The Drop That Tipped The Bucket: Why Justice For George Floyd Should Not Tame Protesters
Since the outset of our youth, we feasted on the belief that the bald eagle and statue of liberty oversaw a land ‘of the free.’ A land where no dream is beyond reach, where all citizens are treated equal, and where one always harvests the fruits of their efforts.
However, this idyllic ‘American dream’ has proven to be nothing but that- a dream, an elaborate façade.
Post-slavery America, which promised coequality and social justice, is still very much fashioned for certain individuals with certain backgrounds.
But this is not just an American phenomenon. Many countries around the world are still plagued by racist and discriminatory habits. However, whilst most try to vanquish any traces of prejudice from their communities, it seems that America has backtracked- ripping even the most fundamental human right there is from those it already oppresses: the right to live.
The recent murder of African American George Floyd at the hands of a white police officer has ignited unprecedented outrage worldwide. His death was not a one-off occurrence; but another unfortunate event in what has now become a trend, unveiling racism’s unwavering grip on American society.
African Americans are still considered second-class citizens in a country their ancestors built from the ground up. Whilst white citizens indulged in their luxuries, black slaves worked restlessly in factories and fields, establishing the economy, industry, and infrastructure America prides itself on today.
At least 3 million Africans were shipped from their homes, chained to floorboards, whipped, lynched, and tortured both mentally and physically, all in order to develop what has now become the most powerful entity in the World.
Still, since their release from the chains of slavery in 1865, the African American community have yet to be compensated for the injustice they endure, and the overwhelming contribution to American society their ancestors made.
In fact, throughout history, African Americans have been given much less support and financial aid than most other minorities.
Whilst Native Americans received property and billions of dollars for being forcibly expelled from their homelands, and Jews secured significant and ongoing funding for the holocaust (approximately 142 billion dollars thus far), black Americans have become the only group to not be reimbursed for state-sanctioned racial discrimination.
Even after WW2, when both black and white Americans returned from the battlefield, black veterans could not redeem their post-war benefits like their white peers.
Unfortunately, as the lack of priority given to Black communities by the U.S. government persisted, many African American neighborhoods deteriorated, leading to today’s stereotypical association of black communities to violence, drugs, and gangs.
During debate, white supremacists often refer to the fact that 1/3 of black men are likely to spend time behind bars, or that their communities suffer the highest crime rates; and on that basis, they brand African Americans as a liability to their faultless ideal of American society.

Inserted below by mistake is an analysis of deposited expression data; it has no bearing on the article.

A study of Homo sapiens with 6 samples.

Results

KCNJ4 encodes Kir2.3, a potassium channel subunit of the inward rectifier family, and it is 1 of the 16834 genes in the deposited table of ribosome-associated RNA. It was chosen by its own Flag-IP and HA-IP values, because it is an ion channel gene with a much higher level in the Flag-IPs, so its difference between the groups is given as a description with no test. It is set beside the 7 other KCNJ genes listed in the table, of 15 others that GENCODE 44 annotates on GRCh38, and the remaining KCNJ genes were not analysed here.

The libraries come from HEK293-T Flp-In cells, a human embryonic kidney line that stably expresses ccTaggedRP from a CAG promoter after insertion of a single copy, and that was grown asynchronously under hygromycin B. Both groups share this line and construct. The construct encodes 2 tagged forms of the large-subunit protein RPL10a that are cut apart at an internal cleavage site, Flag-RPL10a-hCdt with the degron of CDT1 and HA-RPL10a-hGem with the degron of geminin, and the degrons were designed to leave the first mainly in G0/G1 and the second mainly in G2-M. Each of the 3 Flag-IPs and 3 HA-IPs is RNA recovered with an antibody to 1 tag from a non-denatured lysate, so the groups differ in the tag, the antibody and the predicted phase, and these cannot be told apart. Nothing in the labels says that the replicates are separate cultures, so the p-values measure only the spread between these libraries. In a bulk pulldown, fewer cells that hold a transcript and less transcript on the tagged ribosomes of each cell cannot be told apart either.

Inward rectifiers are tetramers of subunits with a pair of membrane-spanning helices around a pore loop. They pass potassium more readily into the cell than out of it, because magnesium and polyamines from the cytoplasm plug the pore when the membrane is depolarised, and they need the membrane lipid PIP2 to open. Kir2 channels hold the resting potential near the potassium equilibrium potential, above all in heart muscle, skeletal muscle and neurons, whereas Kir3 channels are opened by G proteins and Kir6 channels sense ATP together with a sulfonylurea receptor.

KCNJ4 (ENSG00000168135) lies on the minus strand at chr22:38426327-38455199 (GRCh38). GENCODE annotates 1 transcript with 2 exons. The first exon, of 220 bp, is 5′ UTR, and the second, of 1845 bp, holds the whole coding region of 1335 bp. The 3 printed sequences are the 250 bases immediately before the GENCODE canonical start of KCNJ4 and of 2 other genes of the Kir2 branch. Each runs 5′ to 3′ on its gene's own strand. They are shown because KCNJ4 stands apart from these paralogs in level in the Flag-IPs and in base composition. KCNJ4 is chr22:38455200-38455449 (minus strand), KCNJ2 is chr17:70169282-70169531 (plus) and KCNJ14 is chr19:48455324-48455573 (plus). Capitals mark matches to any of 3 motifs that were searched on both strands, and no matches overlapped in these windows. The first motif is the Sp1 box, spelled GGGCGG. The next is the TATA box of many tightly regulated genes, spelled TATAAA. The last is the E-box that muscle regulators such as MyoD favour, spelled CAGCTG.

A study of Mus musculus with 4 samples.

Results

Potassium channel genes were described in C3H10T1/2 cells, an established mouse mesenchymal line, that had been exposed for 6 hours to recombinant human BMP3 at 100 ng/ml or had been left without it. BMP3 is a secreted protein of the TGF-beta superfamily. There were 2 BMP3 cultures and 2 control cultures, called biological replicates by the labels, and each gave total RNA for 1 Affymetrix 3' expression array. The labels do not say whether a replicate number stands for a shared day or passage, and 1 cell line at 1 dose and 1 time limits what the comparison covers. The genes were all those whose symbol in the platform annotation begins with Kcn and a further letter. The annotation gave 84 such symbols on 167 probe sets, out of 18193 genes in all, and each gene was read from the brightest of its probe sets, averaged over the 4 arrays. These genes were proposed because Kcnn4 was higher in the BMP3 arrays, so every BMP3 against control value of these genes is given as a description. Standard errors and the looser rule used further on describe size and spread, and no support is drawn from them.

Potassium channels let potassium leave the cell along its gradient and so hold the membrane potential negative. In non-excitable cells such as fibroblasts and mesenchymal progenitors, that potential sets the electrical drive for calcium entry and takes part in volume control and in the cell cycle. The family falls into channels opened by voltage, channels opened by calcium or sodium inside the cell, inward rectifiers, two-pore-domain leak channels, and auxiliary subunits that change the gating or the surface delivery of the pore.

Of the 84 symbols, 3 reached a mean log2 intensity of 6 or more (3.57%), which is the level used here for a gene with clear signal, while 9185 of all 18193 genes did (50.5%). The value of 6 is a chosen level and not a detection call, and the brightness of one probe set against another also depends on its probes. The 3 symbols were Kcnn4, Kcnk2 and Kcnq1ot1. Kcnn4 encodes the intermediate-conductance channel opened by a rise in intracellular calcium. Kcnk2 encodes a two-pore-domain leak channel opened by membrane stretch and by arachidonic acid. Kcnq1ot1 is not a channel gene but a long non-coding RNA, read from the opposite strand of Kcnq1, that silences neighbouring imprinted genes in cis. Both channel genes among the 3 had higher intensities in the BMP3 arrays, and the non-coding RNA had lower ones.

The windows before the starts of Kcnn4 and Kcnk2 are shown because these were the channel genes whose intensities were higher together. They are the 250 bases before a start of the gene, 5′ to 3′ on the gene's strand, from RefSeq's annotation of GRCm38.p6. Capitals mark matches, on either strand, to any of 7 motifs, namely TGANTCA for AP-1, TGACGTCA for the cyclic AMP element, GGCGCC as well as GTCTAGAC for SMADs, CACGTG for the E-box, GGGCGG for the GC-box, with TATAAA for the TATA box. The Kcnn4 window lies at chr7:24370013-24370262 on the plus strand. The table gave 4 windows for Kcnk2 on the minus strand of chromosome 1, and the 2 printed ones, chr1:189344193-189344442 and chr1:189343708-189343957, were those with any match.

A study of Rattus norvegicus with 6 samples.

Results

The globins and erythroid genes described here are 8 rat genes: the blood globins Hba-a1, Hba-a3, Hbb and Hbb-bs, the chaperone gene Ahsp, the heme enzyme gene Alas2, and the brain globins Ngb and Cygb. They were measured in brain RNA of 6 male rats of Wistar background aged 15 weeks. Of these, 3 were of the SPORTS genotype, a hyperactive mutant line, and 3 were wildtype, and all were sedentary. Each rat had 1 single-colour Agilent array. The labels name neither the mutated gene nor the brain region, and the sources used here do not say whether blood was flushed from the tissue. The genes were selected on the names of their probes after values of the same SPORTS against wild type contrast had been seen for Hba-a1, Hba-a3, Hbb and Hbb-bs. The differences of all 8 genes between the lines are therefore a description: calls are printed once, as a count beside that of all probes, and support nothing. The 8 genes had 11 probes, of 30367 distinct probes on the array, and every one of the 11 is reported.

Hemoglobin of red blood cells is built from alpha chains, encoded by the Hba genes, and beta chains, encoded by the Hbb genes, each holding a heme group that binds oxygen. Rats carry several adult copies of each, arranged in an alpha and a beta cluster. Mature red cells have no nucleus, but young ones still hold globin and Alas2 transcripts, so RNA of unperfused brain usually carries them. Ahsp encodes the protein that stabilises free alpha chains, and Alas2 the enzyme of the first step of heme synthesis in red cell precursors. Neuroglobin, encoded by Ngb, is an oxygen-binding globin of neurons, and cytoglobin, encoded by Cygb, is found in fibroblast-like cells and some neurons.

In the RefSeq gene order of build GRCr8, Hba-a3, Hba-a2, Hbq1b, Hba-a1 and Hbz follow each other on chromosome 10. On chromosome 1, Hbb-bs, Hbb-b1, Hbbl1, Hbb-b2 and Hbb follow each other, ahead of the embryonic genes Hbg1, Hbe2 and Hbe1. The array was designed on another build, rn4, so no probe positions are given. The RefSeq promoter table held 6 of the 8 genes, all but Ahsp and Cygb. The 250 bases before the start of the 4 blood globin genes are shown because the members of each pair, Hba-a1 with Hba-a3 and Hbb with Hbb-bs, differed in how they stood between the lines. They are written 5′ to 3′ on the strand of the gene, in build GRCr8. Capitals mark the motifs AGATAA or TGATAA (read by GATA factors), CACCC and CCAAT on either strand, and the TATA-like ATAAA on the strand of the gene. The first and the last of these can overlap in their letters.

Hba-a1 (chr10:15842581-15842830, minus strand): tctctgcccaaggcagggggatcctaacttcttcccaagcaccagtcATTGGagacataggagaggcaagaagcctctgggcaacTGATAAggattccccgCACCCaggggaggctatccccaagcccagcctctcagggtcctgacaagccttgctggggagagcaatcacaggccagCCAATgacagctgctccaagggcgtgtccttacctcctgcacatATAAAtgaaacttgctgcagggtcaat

What they fail to remember is that any population, regardless of race, would have met the same outcome if they were exposed to the debilitating conditions African Americans endured.
Nobody is born a liability in a society that provides equally to all its citizens. How can 40% of American adults be obese, whilst 38.1 million others struggle to place food on the table?
For the period that white citizens established themselves, secured their finances, educated their children, and prospered their businesses, African Americans were forced to slave away. Following the abolition of slavery, the U.S. government did not fill in the developmental gap between both races.
They did not pay for their education, sponsor their children, cover their debts, or construct their neighborhoods; unsurprisingly idling their progress, and driving many to resort to looting and violence to make ends meet.
Although this vicious cycle should have been eradicated as soon as it developed, considering America’s economic and infrastructural dominance, it is not too late to trigger change.
The U.S. government must recognize that, for America’s long-term prosperity, certain sacrifices must be made. For example, African American students should be relieved of their student loan debts, down payment grants should be invested in their communities, housing revitalization programs should be established to aid in refurbishing their existing neighborhoods, whilst business grants must be provided to help with their self-dependency and economic growth.
The protests ongoing today should not settle for bare justice; instead, the momentum created must be utilized to insist on widespread reform. Even if the police officers blamed for Floyd’s murder are arrested, the trend of unjustified violence and baseless oppression will resume unless that far-reaching gap between black and white is filled in.
In 1860, over $3 billion was the value assigned to the physical bodies of enslaved Black Americans. Today, that amount is a mere fraction of what America spends to ensure military dominance in the World.
Perhaps if the U.S. restricts their endless intervention and substantial funding of Worldwide conflicts and takes a moment to reconsider the treatment of those who lost everything and gained nothing to found the American empire, then they can truly unite the United States of America.